Ruth Park’s book The Harp in the South has never been out of print. Yep, that is 68 years of being in bookstores.
The Harp in the South is the second book, or the first book, in Park’s trilogy. She wrote it first but 40 years later she wrote a prequel, Missus. She was a prolific writer who according to her autobiography wanted to make a living from her writing. The publication of the prequel coincided with the 1986 release of a mini-series of both The Harp in South and the following book, A Poor Man’s Orange. A good money making decision.
Ann chose this book for the Pocket Book Club and many of the members read all three books and Park’s autobiographies. The key question was, in what order to read her trilogy? The order in which they were written or the order in which the story proceeds? I think the general consensus was to start with Missus.
There was also agreement that Park’s writing gets better over the three books. Harp in the South was her debut novel. To me, the writing seemed a little dated – especially when I compare it to Christina Stead’s The Man Who Loved Children which was written eight years earlier. Both books follow the lives of a family and the challenges of poverty but the complexity of Stead’s characters and the beauty of her writing seems fresher. There are many in the Pocket Book Club who would disagree!
Meanwhile, the Pocket Book Club enjoyed the Ruth Park journey – but while Dee thought the books were depressing, Sue was left feeling thankful. The poverty and deprivation of the slums in Surry Hills was not all that long ago. We live a life of plenty in comparison and we ought to be thankful. The characters in The Harp in the South have so little control of their lives. They are buffeted about and the least amount of ambition seems pointless. However, they get by, and they are thankful for the little that they have.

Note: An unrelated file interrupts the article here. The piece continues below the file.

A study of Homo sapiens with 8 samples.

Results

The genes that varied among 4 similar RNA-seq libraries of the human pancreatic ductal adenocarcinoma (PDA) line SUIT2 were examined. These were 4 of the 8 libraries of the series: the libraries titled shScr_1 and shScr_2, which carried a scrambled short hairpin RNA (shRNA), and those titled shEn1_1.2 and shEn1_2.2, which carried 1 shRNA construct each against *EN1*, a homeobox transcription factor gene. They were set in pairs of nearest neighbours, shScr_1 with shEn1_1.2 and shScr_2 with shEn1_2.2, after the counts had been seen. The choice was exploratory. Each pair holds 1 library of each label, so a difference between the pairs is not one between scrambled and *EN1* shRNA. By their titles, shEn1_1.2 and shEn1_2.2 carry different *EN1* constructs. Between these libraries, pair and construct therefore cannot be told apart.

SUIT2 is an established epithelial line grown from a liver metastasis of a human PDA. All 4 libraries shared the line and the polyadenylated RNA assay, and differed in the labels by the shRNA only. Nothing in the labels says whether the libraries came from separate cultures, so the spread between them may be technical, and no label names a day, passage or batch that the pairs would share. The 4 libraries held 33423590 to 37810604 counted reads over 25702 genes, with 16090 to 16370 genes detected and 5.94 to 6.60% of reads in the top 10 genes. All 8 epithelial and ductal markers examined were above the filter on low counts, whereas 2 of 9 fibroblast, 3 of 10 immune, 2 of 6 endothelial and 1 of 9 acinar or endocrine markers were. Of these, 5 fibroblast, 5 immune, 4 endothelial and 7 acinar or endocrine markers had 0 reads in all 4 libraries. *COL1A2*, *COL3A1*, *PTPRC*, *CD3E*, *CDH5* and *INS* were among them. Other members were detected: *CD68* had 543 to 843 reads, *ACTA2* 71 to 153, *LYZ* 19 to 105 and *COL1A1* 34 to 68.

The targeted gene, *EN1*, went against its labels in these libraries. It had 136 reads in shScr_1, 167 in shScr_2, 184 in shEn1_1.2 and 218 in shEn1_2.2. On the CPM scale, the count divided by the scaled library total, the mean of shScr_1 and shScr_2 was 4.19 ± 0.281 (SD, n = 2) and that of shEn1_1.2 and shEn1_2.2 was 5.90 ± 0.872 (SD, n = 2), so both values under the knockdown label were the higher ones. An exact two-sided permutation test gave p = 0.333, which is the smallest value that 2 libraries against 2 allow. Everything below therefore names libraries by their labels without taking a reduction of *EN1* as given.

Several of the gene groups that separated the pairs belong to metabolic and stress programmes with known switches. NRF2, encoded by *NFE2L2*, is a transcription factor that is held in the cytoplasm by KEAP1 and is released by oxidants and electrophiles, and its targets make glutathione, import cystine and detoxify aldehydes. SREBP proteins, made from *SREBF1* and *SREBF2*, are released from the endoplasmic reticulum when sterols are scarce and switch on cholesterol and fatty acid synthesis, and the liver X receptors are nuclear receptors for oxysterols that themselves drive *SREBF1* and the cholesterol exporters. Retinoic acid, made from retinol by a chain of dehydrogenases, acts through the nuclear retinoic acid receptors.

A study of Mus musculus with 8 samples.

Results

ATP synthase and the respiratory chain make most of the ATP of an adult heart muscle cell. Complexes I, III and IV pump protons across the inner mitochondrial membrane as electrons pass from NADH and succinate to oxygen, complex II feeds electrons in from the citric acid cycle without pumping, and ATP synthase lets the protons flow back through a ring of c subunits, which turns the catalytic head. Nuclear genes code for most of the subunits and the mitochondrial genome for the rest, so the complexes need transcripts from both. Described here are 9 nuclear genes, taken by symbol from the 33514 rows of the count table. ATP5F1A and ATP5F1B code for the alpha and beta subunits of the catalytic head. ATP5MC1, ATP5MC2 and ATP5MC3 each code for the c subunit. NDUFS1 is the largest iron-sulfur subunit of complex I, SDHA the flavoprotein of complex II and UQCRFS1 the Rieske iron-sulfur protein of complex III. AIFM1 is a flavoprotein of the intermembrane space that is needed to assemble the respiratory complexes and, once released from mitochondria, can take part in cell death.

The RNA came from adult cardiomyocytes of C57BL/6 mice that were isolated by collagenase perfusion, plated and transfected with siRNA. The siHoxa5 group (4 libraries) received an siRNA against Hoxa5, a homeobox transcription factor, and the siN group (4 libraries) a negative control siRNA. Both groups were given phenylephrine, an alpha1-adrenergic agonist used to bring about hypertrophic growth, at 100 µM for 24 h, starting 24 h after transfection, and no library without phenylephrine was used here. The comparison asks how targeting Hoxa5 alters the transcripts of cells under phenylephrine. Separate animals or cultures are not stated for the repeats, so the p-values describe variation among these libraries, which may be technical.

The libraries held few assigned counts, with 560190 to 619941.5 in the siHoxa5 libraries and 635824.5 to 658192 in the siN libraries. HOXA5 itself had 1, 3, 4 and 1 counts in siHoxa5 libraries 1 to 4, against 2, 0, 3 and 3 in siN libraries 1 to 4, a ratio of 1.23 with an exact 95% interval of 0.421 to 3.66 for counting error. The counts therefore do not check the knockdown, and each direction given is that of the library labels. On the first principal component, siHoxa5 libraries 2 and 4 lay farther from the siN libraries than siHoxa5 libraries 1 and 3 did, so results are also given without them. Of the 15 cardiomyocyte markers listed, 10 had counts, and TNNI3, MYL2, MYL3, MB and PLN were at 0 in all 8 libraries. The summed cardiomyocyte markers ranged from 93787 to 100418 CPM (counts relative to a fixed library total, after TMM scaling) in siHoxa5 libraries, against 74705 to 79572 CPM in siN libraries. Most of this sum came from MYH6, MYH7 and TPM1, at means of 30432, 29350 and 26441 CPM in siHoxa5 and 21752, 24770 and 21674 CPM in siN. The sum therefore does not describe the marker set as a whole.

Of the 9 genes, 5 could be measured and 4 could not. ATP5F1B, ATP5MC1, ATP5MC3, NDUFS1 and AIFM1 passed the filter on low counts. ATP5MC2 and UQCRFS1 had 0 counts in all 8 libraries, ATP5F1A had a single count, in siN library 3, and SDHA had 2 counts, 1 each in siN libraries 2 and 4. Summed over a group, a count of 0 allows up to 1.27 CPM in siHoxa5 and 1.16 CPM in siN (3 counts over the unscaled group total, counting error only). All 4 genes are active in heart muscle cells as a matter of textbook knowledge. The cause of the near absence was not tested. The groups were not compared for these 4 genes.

The other interesting aspect of The Harp in the South is the diversity of cultures. The Darcy family are Irish Catholics, but they live next door to Lick Jimmy a Chinese storekeeper, Rowena has a love affair with a Jewish boy, and finally, marries what I think is an Aboriginal man who has been separated from his family as a boy – maybe I am reading too much into that. There is a sense of a seething masses of people mingling and fighting and loving and hating and living in a city still throwing off its colonial beginnings.
This is an Australian book. Australia and its social history lives and breathes in this book. It has the Pocket Book Club seal of approval.
Trivia – Irish people were known as harps – hence The Harp in the South. The coat of arms of Ireland is a gold harp on a blue background.
What we ate – Eagle Boys Pizza (thanks, Fernvale Eagle Boys) A little shameless plug.